Isabella’s Cash Flo Money Dilemma
I believe that everyone has their own version of Plato’s Cave. What I took away from Plato’s cave was everyone feels as though they have been kept in the shadows until this big epiphany moment when everything starts to make sense. The ultimate story of enlightenment. I can’t say I have much of an equivalent, but I do believe getting my first job shared various aspects of Plato’s Allegory of the Cave.
It was a thing that had been much anticipated of me by my parents, siblings and an extent of myself. The day when I would step out of the cave and enter the world of a minimum wage job with horrendous and demanding bosses. So the “real world” of pain, despair and genuine hard work. Well let me tell you did the sun outside my friendly childhood shadow burned harshly bright. My first thought was “…and I had to be interviewed because multiple people wanted this job?!” It was an immediate shock that I had despised within the first few days.
The initial shock of being liable to someone other then a family member or myself had shook me. Me, having responsibilities? What!? I could barely make toast without burning it, yet here I was getting paid to work in a bakery department of a grocery store. Nonetheless, I had been dragged out of my own cave full of naiveness and bliss, and now how to take in the outside world full of work and obligations. The work seemed to increase in difficulty even though it was very repetitive. There was always an unwritten rule of keep impressing or else. Though the tasks were not particularly easy, I found a way to get used to it with the help of the highly awaited bi-weekly pay cheque. That seemed motivation enough; I was finally making my own money. However, that wasn’t it in terms of Isabella vs. the adult world. My parents had taken it upon themselves to help me learn to budget. Monthly phone bills, savings funds, clothing, extracurriculars, personal and miscellaneous bills started to roll in and that lovely five-hundred dollars a month started to disappear rapidly. By the end of most months, I had about fifty dollars that I could do whatever I pleased with. You really learn to appreciate a dollar once you get your first job. Instead of looking at reasonably priced things and thinking, “wow, that’s a good price” all I could think was “you mean to tell me that winter jacket will cost me four hours of work?” I started realizing how clueless I had been as a child, quite literally thinking money grew on trees. That first job had broadened my perspective on various topics.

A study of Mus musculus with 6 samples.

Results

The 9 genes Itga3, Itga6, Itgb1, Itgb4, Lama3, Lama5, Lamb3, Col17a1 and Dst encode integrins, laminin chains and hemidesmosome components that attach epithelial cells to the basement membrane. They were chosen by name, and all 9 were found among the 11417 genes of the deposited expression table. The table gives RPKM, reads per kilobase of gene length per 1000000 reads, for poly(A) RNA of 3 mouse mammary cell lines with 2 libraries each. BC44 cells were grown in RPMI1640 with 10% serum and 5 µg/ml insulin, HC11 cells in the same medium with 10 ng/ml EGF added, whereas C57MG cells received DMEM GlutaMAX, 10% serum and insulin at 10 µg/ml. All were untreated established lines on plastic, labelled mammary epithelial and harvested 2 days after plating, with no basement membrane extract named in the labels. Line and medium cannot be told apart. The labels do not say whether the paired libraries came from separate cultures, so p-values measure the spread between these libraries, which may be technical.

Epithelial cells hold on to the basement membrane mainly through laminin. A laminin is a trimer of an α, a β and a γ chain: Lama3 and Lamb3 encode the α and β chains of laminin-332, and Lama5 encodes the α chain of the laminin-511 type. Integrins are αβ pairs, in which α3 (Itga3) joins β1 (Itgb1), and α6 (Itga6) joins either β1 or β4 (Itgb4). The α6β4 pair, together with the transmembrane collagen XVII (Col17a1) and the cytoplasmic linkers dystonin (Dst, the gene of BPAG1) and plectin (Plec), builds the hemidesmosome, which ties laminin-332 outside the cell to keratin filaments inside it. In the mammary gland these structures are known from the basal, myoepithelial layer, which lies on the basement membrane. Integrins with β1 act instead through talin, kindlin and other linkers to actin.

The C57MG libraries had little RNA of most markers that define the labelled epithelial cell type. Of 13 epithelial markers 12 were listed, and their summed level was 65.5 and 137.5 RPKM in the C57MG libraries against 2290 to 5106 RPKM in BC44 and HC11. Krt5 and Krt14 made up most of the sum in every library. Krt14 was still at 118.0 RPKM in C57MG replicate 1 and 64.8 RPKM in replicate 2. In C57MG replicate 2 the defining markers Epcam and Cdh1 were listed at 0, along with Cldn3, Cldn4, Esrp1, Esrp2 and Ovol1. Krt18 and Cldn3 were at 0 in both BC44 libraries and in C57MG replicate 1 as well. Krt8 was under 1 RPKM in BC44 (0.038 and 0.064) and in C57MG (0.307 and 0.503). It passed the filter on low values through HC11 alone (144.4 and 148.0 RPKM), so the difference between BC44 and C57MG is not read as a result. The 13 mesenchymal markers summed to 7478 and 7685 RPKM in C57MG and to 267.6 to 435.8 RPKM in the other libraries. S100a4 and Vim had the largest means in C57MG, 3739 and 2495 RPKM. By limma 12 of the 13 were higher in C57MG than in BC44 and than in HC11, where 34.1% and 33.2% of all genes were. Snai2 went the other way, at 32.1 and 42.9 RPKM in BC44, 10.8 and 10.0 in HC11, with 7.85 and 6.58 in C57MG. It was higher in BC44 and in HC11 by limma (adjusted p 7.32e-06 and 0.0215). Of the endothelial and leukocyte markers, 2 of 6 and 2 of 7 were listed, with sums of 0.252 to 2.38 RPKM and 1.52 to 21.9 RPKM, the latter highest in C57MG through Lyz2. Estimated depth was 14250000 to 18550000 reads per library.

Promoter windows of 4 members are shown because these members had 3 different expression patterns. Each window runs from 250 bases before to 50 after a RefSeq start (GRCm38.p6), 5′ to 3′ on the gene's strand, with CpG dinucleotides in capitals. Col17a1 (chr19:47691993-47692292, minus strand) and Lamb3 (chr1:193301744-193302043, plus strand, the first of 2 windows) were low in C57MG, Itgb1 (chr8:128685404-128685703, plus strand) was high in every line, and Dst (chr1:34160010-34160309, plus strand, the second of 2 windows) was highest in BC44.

One of the most influential things this job had done to me was open my mind to the power of education. My parents have and always will push me to keep learning and get multiple degrees but I hadn’t ever considered what would happen if I hadn’t. For one, I would not be qualified to do much more then an entry level job, being paid minimum wage. Even working full time (40 hours/week) it would be very hard to get ahead in life. That opened up a whole new version of a cave and the broader outside world that lies post high school. I feel like Plato’s Allegory of the cave hold some truth in terms of enlightenment and such, however I feel put into a modern day perspective, there are always new things to learn and take away from the world. The best we as people can do is pass on our experiences in hopes to lessen the number of caves the next person has to go through.